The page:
PCAP analysis basics with Wireshark [updated 2021]
Wireshark is a very useful tool for information security professionals and is thought of by many as the de facto standard in network packet and protocol analysis. It is a freeware tool that, once mastered, can provide valuable insight into your environment, allowing you to see what’s happening on your network.
What follows is a basic walkthrough of some of the steps you might follow when undertaking a preliminary investigation of a specific target on your network, and how it might benefit you depending on the objective in mind. This is not an exhaustive or all-encompassing tutorial, but hopefully will help to shed light on the steps that most people might take when trying to pinpoint details about a particular application or packet stream on the network.
Our example will show you how to reveal a plain-text password being transmitted over your network via Telnet, which will be intercepted by Wireshark. We can then open the capture results and see how we would go about capturing such information, as well as where we can find it in our results.
What is Wireshark used for?
- Capturing data packets
- Identifying and analyzing protocols
- Isolating and identifying source and destination traffic
- Inspecting the contents of data packets
Wireshark in action
Let’s look at an example using Telnet to log onto a Cisco Switch. By using Wireshark, we will see what data we can find on the network relating to any network communications.
The very first step for us is to open Wireshark and tell it which interface to start monitoring. In our case this will be Ethernet, as we’re currently plugged into the network via an Ethernet cab.
Next, let’s fire up Putty, as it will let us connect to our Cisco 1751 router via Telnet over the local network. Because Wireshark is monitoring all traffic over Ethernet, it will detect all traffic on the connection and save it into the PCAP that we will be analyzing. This won’t be a problem, as we will apply a filter to our results and highlight only the results that we’re after.
In this instance, we know that the IP address of the Cisco is 192.168.30.1, so we enter it into Putty like so:
Your Telnet session then opens like this. Let’s log in and get to the prompt by entering our password:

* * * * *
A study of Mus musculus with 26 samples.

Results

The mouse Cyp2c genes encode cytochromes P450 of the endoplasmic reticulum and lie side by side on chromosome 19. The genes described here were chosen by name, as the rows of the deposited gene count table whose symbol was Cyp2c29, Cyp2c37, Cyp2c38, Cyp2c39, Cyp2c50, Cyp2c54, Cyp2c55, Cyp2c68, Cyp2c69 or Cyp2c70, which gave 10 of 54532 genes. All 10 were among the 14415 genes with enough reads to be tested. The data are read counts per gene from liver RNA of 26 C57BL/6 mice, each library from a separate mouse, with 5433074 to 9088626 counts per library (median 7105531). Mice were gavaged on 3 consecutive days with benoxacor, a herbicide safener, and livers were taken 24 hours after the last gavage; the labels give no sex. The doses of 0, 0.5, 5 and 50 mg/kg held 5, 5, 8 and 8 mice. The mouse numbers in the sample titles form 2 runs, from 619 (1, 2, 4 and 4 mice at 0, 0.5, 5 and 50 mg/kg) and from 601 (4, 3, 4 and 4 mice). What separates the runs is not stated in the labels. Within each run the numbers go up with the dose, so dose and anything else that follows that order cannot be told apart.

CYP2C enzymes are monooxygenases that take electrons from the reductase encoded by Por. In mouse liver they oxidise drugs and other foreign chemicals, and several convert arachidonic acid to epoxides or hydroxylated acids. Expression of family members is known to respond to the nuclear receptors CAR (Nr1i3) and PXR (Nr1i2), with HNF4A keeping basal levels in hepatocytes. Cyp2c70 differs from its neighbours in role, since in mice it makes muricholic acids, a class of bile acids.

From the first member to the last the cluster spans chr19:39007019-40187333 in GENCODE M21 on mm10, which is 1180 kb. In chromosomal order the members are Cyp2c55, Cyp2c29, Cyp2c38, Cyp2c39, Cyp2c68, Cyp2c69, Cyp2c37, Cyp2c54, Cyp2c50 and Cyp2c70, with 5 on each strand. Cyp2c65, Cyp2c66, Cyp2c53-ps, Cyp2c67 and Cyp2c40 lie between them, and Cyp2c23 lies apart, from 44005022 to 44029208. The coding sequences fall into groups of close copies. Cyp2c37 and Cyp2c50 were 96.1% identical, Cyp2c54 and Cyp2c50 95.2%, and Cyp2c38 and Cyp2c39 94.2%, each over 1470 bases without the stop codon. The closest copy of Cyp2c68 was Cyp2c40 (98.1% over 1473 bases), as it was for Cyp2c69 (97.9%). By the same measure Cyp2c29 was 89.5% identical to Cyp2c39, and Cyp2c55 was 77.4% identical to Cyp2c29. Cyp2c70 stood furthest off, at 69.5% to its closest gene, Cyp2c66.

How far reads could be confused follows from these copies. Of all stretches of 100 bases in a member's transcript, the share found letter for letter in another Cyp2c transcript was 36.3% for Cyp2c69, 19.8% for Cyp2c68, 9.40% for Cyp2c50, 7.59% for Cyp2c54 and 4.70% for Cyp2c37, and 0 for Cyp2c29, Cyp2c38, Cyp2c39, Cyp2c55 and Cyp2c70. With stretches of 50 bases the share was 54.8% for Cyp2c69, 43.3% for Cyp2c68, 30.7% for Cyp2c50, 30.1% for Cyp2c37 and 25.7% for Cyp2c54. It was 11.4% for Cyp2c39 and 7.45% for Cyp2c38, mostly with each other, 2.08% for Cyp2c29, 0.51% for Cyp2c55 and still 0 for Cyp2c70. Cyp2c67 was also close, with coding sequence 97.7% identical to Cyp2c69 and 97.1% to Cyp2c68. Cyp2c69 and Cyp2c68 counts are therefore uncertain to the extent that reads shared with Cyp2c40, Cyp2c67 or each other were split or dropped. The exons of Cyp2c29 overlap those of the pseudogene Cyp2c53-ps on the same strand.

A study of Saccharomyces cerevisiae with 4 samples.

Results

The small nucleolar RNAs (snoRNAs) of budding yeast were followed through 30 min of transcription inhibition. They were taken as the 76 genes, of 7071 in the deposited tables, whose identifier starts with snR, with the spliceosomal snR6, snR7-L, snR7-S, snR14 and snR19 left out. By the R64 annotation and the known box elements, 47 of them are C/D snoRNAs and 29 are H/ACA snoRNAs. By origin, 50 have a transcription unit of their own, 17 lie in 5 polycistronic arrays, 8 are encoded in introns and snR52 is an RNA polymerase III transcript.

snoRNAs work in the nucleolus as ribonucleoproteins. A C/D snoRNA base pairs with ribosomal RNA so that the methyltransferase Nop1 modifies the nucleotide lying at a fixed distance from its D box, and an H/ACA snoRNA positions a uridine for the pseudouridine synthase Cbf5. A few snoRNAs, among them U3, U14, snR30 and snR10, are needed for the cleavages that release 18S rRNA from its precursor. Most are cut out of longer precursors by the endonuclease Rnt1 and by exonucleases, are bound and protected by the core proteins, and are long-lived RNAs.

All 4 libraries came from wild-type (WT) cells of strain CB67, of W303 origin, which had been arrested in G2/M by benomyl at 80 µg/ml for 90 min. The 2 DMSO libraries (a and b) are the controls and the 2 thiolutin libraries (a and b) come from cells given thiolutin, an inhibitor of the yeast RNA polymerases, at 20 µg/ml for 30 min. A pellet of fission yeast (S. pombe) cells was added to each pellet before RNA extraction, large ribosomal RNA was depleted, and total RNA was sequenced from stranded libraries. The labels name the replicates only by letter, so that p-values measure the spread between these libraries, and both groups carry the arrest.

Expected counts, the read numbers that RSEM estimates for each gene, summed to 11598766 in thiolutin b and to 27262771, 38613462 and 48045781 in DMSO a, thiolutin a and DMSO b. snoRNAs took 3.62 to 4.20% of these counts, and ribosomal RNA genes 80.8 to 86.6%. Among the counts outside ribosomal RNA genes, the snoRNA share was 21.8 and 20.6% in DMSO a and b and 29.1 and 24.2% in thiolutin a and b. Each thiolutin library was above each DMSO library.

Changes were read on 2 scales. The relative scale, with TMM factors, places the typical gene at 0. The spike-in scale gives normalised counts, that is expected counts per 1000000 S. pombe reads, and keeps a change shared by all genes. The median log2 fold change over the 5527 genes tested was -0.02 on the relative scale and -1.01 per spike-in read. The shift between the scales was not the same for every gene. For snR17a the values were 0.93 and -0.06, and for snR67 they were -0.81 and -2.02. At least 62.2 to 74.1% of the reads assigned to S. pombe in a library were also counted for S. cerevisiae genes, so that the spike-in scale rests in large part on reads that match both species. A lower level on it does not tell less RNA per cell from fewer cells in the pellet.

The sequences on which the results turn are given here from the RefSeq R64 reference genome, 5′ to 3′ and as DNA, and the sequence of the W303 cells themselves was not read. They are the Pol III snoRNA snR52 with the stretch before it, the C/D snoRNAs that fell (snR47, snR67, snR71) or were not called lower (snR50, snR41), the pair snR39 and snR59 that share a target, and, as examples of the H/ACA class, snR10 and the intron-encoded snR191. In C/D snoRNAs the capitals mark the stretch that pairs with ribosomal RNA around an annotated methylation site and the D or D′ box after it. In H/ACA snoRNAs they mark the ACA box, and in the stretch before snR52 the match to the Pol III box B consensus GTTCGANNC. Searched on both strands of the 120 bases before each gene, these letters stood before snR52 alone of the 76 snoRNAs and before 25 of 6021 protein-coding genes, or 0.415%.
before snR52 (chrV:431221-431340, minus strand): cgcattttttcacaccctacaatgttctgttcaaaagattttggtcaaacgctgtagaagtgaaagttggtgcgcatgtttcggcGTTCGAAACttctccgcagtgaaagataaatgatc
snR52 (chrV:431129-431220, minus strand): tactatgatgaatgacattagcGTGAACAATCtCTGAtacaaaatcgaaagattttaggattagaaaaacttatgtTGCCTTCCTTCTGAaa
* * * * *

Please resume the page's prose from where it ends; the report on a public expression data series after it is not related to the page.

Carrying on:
We have now successfully logged in.
Now we need to look at Wireshark and see what we’ve managed to capture.
Our PCAP file looks like this:
We can see a lot of Telnet data, but it doesn’t seem to tell us much. If we start looking through these packets we come across something very interesting in unencrypted, plain text.
See the part that says “User Access Verification Password:”? That’s the plain text from the login prompt in our earlier step that we saw in Telnet. Let’s investigate further.
We right click on the entry, and then go to “Follow -> TCP Stream”
We can see the password as “aPPTEXT” circled below.
This is a pretty good example of what you can find when passwords are being transmitted in plain text, which is why Telnet is no longer as popular as it used to be. It is best practice to use methods that encrypt traffic between you and the appliance that you are administering whenever possible.
The same applies to any other connection that you are using to connect to any service, whether it be on your LAN, over the LAN, or across the WAN. You never know who might be listening.
The same steps above will apply to standard HTTP traffic for websites and device administration, meaning that the warnings that you have always been told about are indeed valid: always seek out an HTTPS address before trusting your credentials to the network.
Analyzing a packet capture file PCAP is a matter of thinking about the problem logically, reasoning what information you are looking for, and then constructing search filters to suit your requirements. Our Telnet example was very basic as it did not require any conversions or decryption, but again, the same principles would apply.
There is a lot that can be done with Wireshark, and it’s definitely a tool that you should at least be familiar with installing and running, even if you are not using it every day. It can help with an investigation into a fault and is a brilliant starting point: the PCAP results that you get on your network can tell you a lot about what is happening around you, especially if you have reasons to be suspicious about any strange activity.
If you don’t have too much happening on your network or test lab by means of meaningful traffic, then be sure to check out Sample Captures. It is a great way to teach you how to create your own filters, and will give you much insight into how different applications communicate over the network.
Be sure to download Wireshark and get scanning!